Drinking about 290 calories of sugar-sweetened beverages — the equivalent of about two cans of non-diet soda — per day may be associated with a higher level of disability in patients with multiple sclerosis (MS), compared to those who seldom consume such beverages, according to a preliminary study.
The research, “Dietary Intake and the Effect on Disease Progression in People with Multiple Sclerosis,” will be presented at the American Academy of Neurology’s Annual Meeting, to be held in Philadelphia, May 4–10.
MS patients are known to be at greater risk for metabolic disorders. Although diet may influence immune function, oxidative stress, and the gut microbiota ( the microbial population), which are all relevant in MS, evidence of the effects of diet on disease progression is scarce.
A team at St. Josef Hospital and Neurologische Universitätsklinik, in Germany, and Johns Hopkins School of Medicine, in the U.S., analyzed 135 MS patients: 73% women, mean age of 44.6 years, and mean body mass index of 24.5 (within the normal weight range).
Each participant completed a 102-item diet questionnaire to calculate the Dietary Approaches to Stop Hypertension (DASH) score, an assessment of diet quality that favorably weighs the intake of fruits, vegetables, nuts, legumes, whole-grains and dairy, while the consumption of salt, sugar-sweetened beverages, and red and processed meats is weighed unfavorably.
“We chose to study the DASH diet because adherence to the DASH diet is associated with lower risk of other chronic diseases like high blood pressure, diabetes and cardiovascular diseases,” Elisa Meier-Gerdingh, MD, a researcher involved in the study, said in a press release.
The DASH score ranged from 8 (worst diet quality) to 40 (best). Patients were divided into five groups based on how much soda and sugar-sweetened beverages they drank. Those in the top group had a daily average of 290 calories of these beverages, as opposed to seven daily calories — the equivalent of one-and-a-half cans of non-diet soda per month — in the bottom group.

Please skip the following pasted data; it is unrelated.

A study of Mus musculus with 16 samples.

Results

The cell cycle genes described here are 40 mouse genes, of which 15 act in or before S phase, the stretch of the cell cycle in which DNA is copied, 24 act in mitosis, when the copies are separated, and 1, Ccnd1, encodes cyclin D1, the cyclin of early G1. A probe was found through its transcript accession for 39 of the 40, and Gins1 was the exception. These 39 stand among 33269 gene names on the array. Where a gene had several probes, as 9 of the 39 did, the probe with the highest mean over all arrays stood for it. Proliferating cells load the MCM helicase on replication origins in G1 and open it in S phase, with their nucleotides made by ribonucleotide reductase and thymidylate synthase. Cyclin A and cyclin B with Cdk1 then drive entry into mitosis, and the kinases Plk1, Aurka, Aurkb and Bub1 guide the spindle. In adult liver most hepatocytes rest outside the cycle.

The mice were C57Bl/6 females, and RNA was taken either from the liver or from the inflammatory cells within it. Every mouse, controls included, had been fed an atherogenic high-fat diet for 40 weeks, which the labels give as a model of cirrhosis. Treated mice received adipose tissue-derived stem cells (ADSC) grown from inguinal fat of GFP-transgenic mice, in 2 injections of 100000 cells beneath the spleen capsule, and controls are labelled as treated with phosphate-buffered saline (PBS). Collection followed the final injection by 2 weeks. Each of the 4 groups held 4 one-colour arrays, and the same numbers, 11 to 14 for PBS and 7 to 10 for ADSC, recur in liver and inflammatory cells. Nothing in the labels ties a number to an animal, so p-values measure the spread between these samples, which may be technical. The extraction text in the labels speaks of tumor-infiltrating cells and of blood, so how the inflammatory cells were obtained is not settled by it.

Investigators also looked at the correlation of overall DASH scores and its component foods/nutrients with the patients’ disability levels, as assessed with the Expanded Disability Status Scale (EDSS). Thirty participants had severe disability, as reflected by an EDSS score of 6 or higher.
While the findings did not reveal a link between the overall DASH score and level of disability, participants who drank the largest amount of soda, flavored juices, and sweetened teas and coffees had a five-times greater risk of having severe disability, than those who seldom drank these beverages.
Twelve of the 34 patients in the top intake group had severe disability, in contrast to only four of the 34 participants in the bottom group. The average EDSS score was 4.1 points in the top group, and 3.4 points in the bottom group.
“While overall diet quality was not associated with disability status in this preliminary study, we observed potential association between [sweetened beverages] and higher disability status in MS patients,” the team wrote.
“While these results need to be confirmed by larger studies that follow people over a long period of time … we do know that sodas have no nutritional value and people with MS may want to consider reducing or eliminating them from their diet,” Meier-Gerdingh concluded.
Additional studies are needed to confirm the results, and determine whether sugar-sweetened beverages affect the course of MS.